Off the Post: The Ageless Colm Shovlin of Naomh Ultan

Colm Shovlin was still lining out for Naomh Ultan last year at the age of 61, and this year's he's content enough to watch on as his club face Carndonagh in the Junior A semi-final in Letterkenny on Saturday

Off the Post: The Ageless Colm Shovlin of Naomh Ultan

Colm Shovlin in action for Naomh Ultan in the IRFC last year against Dungloe's Dylan Boyle

The tiny south Donegal club of Pettigo had a book written about them with the very relevant title of "Up Against It".

Well, down the road the small club of Naomh Ultan have also battled to stay in existence for the past few decades. And it has not been easy as they are sandwiched in-between St Naul's and Killybegs.

Also some local children from Dunklineely and the likes, who went to school in Killybegs tend to play with their school-mates. For many years Terence McGinley fought hard over boundaries in an effort to keep the club going against the odds. But there are few who best embody the spirit of resistance or even subsistence against all the odds than one Colm Shovlin.

His last game for Naomh Ultan was at the ripe old age of 61 when he lined out in the Intermediate Reserve Championship and his brother Martin also played, aged 60. Colm said that the match would not have gone ahead had he and Martin not been available. Liam Kennedy, who is in his 50s, also turned out regularly for the Reserves.

Such dedication is unique and is a credit to all concerned as Naomh Ultan look forward to a Junior A Championship semi-final against Carndonagh on Saturday. But Colm Shovlin has always been a battler and has spoken openly and honestly about his successful battle against addiction.

He has worn virtually all the t-shirts for the Dunkineely-based club and was umpire in a reserve match a few weeks ago.

Shovlin shoots often and most accurately from the hip and always calls it as he sees it and eschews political or self-serving cliches. A few weeks ago, Naomh Ultan defeated Urris at home to book their place in the semi-finals. They looked cohesive, together and very fit and focused. And after years of losing several players, things are finally looking up for Naomh Ultan as they are beginning to get "numbers" even though they have lost Alan Lyons, who was one of their finest performers, to injury.

"For so many years we just did not have the numbers," Colm Shovlin said. “But hopefully that is changing, and you saw it against Urris and that is just so encouraging. The senior team is under new management now and they are playing as a team for that management and that is a good way to be.

"And we also have a few strong players on the Reserve team which is also encouraging".

He has an extra special reason for remembering the last time they won a Donegal JFC title. "The last time we won the JFC was in 2015 when my son Conor Shovlin was captain and he was also captain of the minor team that won all before them in Division Two in 2008. They won four trophies and stayed together for seven years to win the JFC.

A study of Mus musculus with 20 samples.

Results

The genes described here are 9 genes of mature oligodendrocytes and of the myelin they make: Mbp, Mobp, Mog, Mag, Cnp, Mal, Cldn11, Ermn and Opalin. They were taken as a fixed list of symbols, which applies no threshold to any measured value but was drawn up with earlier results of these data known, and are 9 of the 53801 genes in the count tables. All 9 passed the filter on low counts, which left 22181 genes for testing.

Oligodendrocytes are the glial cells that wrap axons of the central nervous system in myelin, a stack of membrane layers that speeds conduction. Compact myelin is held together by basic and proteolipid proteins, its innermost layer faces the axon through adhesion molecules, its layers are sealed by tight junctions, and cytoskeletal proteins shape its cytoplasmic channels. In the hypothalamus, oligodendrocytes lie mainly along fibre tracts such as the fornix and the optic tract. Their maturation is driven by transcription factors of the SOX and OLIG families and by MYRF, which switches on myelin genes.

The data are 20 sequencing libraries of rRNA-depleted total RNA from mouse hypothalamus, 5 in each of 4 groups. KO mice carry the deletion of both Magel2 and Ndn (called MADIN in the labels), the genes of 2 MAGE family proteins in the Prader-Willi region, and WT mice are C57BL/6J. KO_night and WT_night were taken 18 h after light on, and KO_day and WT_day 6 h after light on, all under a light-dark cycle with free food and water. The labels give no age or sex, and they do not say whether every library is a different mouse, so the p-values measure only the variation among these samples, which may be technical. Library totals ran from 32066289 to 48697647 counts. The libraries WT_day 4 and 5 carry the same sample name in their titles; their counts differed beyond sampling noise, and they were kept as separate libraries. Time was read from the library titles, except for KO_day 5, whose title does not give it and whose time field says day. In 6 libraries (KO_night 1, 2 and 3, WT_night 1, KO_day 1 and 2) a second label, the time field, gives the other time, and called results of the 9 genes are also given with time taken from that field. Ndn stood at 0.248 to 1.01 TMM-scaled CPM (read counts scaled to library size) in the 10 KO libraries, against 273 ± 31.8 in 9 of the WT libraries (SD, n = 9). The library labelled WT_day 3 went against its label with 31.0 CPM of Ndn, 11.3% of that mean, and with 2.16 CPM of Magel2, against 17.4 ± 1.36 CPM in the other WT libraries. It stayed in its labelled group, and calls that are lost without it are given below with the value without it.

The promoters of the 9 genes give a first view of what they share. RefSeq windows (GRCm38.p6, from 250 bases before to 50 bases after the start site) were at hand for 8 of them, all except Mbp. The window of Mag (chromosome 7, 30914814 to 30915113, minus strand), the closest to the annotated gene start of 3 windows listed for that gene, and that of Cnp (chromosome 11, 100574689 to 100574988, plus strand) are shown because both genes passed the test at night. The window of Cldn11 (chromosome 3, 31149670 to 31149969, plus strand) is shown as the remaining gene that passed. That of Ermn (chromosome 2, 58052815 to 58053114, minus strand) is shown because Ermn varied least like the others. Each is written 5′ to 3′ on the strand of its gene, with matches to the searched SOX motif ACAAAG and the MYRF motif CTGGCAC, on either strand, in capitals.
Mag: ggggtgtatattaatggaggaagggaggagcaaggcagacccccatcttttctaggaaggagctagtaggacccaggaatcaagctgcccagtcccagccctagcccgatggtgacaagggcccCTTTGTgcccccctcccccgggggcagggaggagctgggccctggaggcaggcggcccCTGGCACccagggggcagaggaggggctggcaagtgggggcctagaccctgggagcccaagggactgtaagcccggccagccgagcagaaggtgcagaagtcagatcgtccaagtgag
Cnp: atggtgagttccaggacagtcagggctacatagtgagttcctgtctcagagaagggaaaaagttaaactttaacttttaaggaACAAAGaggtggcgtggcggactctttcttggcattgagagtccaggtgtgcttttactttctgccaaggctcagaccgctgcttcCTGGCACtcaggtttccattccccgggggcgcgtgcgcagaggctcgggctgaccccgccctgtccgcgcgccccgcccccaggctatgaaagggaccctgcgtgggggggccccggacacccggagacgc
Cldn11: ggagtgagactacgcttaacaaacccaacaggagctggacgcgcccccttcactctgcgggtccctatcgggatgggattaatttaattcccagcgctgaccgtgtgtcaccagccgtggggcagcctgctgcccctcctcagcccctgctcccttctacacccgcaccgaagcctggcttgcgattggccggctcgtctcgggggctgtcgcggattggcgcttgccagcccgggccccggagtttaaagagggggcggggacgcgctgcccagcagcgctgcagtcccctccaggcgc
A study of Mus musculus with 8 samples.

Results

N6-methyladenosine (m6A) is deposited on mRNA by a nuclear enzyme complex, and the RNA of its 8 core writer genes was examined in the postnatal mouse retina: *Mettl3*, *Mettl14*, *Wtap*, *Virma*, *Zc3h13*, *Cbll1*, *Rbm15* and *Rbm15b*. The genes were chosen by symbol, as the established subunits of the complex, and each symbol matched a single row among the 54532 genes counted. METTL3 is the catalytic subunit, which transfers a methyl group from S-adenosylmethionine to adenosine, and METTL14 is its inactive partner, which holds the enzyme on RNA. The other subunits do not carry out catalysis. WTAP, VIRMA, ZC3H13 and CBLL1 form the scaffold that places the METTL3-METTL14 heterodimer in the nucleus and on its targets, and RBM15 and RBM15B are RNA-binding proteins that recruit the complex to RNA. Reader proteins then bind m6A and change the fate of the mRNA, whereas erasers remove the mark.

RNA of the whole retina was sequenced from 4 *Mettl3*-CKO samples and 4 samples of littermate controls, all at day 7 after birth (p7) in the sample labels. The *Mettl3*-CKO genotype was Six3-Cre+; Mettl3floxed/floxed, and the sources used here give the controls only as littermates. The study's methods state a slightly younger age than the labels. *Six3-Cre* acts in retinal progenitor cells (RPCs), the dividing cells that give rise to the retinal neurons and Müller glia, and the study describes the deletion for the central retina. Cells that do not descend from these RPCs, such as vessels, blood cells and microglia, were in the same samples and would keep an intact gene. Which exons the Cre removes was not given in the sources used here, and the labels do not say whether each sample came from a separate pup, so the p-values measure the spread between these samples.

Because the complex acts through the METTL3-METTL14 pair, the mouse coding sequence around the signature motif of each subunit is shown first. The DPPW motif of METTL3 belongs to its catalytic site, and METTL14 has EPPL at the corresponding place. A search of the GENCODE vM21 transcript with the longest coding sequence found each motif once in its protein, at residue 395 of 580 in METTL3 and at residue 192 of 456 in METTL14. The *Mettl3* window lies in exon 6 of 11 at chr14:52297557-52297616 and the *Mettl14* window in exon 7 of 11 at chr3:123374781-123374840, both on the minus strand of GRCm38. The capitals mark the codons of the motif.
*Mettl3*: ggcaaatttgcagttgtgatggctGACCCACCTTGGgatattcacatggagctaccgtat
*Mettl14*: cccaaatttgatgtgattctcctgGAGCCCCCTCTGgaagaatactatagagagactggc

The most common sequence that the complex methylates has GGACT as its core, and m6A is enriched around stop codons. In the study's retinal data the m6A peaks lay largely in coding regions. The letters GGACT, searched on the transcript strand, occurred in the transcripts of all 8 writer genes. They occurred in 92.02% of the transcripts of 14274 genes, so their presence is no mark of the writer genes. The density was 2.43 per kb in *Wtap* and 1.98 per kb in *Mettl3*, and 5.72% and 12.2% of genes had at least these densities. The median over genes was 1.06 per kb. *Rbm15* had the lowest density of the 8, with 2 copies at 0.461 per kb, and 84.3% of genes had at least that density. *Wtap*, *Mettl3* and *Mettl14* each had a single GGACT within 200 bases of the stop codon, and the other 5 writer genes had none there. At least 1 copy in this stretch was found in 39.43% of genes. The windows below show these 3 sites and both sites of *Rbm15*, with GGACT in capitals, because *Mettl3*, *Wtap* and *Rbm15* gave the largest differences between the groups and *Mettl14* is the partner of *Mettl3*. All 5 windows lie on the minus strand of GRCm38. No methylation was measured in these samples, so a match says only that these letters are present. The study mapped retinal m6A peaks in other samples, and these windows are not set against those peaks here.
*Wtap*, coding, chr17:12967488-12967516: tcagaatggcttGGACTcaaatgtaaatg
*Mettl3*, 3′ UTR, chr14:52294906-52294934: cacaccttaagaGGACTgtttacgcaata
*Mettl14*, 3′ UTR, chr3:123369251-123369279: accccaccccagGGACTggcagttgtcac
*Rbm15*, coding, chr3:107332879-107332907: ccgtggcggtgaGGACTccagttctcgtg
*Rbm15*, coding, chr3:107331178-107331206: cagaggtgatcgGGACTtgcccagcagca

"Coincidentally it was Urris who beat us in the Junior county final in 2014. And I can remember John Friel and especially John O'Donnell saying to me after the match that you have to lose one to win one and it came through the next year, and it was great that Conor was captain and he was corner-back.

"He played corner-back and loved the battle. He has had  few injuries but still loves the club with a real passion".

But Conor did not take that passion from the wind, considering his father and uncle lined out last year.

"My last game was last year against Dungloe, in the Intermediate Reserve Championship and I was 61 and my brother Martin played, and he was 60,” Colm Shovlin said.

"There would have been no game if we had not togged out to make up the numbers and that is the only reason we togged out. But we enjoy the game, and we enjoy what we can do for the club. It's a young man's game and there is a huge emphasis on training.

But Colm hit out at the GAA centrally for "needlessly making the game more complicated". He said: "The GAA in all its wisdom is making the game even more complicated both on and off the field. Every other year there is a rule change.

"But we must get rid of this back pass to the keeper and even the soccer people got rid of it in their game - it is ridiculous. And the forward mark is a complete mess.

"A forward can now make a mark after catching a ball on his chest which gives the defender absolutely no chance at all and that is just so wrong on so many levels. "I think the GAA is pandering to other sports and none more so than allowing matches to be decided on penalties.

"We should have one period of extra time and then the next score win - simple as. And I believe that Croke Park is coming down with committees of men and women who have never played the game at all in their lives. There is a huge disconnect between the top and the grassroots".

One Colm Shovlin will never lose touch with his roots - forever in the black and amber of his own Naomh Ultan.